Improving your site usability is the art of analyzing and structuring data so that it can be understood and utilized.

Example of a site map workflow.

We use information architecture to deconstruct essential business processes and visualize information and data. At BOALT, we have a multi-disciplinary team of business analysts, creative designers and technology consultants who take on the challenge of finding a perfect balance of user experience and business objectives.

For existing site structures, we assess the current workflow and perform analytics to gauge where the potential pitfalls are with the pages and where we need to focus our efforts. From our findings, we determine how deep we need to begin the process of replanning and rearchitecting the site content.

We worked on an extensive engagement with Northrop Grumman to help their developers plan a user experience for law enforcement offices with a crime database terminal.

Define the objectives.

We start by defining the actual business goals. What are we trying to accomplish? Are we driving a user through a funnel? Are we explaining a complicated process? Are we seeking a lead or capturing information? Whatever the objective, the goal has to drive the process. From there we drive down through a path of steps to help our teams and our clients understand our blueprint for creating success. This step also requires some built-in research to help vet out ideas.

Sketch out navigation ideas and outline data paths.

We like to sketch out paper prototypes and rough outlining documents that help us produce workflow diagrams including site maps and navigation structures. The more complicated and deep the navigation and content is, the more intensive this phase tends to be. It’s important to go through robust testing of ideas because the outline of the main components of the content is a key driver for the user experience. Testing theories with rapid HTML prototypes is also another great way to visualize how the user will navigate certain steps in a process based on the navigation that is presented to them.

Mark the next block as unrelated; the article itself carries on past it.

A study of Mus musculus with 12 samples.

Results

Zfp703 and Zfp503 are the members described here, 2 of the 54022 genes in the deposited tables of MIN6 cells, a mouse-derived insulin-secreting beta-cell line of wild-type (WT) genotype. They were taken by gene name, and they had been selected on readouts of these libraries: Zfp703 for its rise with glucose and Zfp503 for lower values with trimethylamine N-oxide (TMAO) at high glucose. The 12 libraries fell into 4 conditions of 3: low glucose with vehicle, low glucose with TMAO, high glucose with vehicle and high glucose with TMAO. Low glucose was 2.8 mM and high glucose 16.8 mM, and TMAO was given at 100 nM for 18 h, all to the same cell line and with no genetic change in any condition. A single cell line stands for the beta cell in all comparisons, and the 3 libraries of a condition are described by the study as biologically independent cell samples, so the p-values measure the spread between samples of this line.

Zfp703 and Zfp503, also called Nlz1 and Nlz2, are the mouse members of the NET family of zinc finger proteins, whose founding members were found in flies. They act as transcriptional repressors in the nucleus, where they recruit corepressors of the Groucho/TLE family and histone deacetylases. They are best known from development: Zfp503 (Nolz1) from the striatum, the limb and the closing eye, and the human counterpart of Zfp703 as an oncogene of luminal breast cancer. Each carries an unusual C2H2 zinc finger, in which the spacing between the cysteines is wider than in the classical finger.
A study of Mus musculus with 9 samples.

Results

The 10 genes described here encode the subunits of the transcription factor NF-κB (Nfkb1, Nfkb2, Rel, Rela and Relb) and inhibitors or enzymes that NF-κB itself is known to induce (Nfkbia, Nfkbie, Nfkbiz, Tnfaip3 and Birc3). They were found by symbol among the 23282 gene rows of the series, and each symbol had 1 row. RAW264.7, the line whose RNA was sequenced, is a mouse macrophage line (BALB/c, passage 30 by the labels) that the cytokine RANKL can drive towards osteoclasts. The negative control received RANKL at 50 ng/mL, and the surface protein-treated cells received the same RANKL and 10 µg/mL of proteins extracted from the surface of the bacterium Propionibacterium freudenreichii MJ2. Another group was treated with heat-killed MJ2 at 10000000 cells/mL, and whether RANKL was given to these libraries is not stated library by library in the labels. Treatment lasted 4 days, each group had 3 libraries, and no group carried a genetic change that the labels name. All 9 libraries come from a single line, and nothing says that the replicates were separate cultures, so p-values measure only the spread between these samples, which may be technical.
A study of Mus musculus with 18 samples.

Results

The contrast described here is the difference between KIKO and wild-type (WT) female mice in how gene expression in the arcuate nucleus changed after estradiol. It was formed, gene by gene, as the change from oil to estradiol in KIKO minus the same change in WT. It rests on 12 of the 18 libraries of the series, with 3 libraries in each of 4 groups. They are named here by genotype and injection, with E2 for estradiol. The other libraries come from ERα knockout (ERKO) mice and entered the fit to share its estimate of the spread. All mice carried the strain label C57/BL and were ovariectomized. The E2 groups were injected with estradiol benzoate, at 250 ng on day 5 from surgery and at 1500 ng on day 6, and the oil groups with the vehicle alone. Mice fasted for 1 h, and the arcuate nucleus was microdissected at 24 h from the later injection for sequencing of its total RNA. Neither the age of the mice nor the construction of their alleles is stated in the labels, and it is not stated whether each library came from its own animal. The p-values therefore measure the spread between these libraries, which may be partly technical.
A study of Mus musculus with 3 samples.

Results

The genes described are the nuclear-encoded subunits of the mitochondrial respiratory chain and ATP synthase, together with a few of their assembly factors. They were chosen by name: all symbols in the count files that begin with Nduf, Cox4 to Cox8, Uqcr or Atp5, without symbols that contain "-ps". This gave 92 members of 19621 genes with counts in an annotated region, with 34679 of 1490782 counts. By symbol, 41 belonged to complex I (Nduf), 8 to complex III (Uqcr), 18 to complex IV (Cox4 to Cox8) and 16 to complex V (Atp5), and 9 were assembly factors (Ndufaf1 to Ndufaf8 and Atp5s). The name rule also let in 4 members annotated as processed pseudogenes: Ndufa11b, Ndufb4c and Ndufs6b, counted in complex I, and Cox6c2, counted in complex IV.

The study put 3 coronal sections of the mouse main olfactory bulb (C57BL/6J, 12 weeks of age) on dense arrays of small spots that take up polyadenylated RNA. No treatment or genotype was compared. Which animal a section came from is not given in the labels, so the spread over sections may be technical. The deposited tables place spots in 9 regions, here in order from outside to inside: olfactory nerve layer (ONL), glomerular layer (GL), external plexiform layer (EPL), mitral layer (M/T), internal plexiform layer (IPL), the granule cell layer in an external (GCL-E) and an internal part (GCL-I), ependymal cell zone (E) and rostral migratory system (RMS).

Detailed wireframing.

Our wireframes are detailed in terms of visualizing content, but devoid of the creative layer. This keeps the focus on the information and saves time so we can replicate the process as many times as required.

Wireframes are generally a skeletal mockup of your web interface that mimics the web page layouts. They’re usually drawings of lines and boxes that outline the page components. From time to time,we turn wireframes into rough HTML mockups with working links to allow our clients and decision makers to get a feel for how our solution will behave.

After we gather data and feedback from our clients and internal teams, we use these documents and assets to help drive the creative process, where the remaining site usability questions will be solved with layers of creative design.

Our information architecture is just one aspect of a larger process all geared toward design and building better solutions that drive conversion and results. Here’s a list of other services that overlap with our site usability services.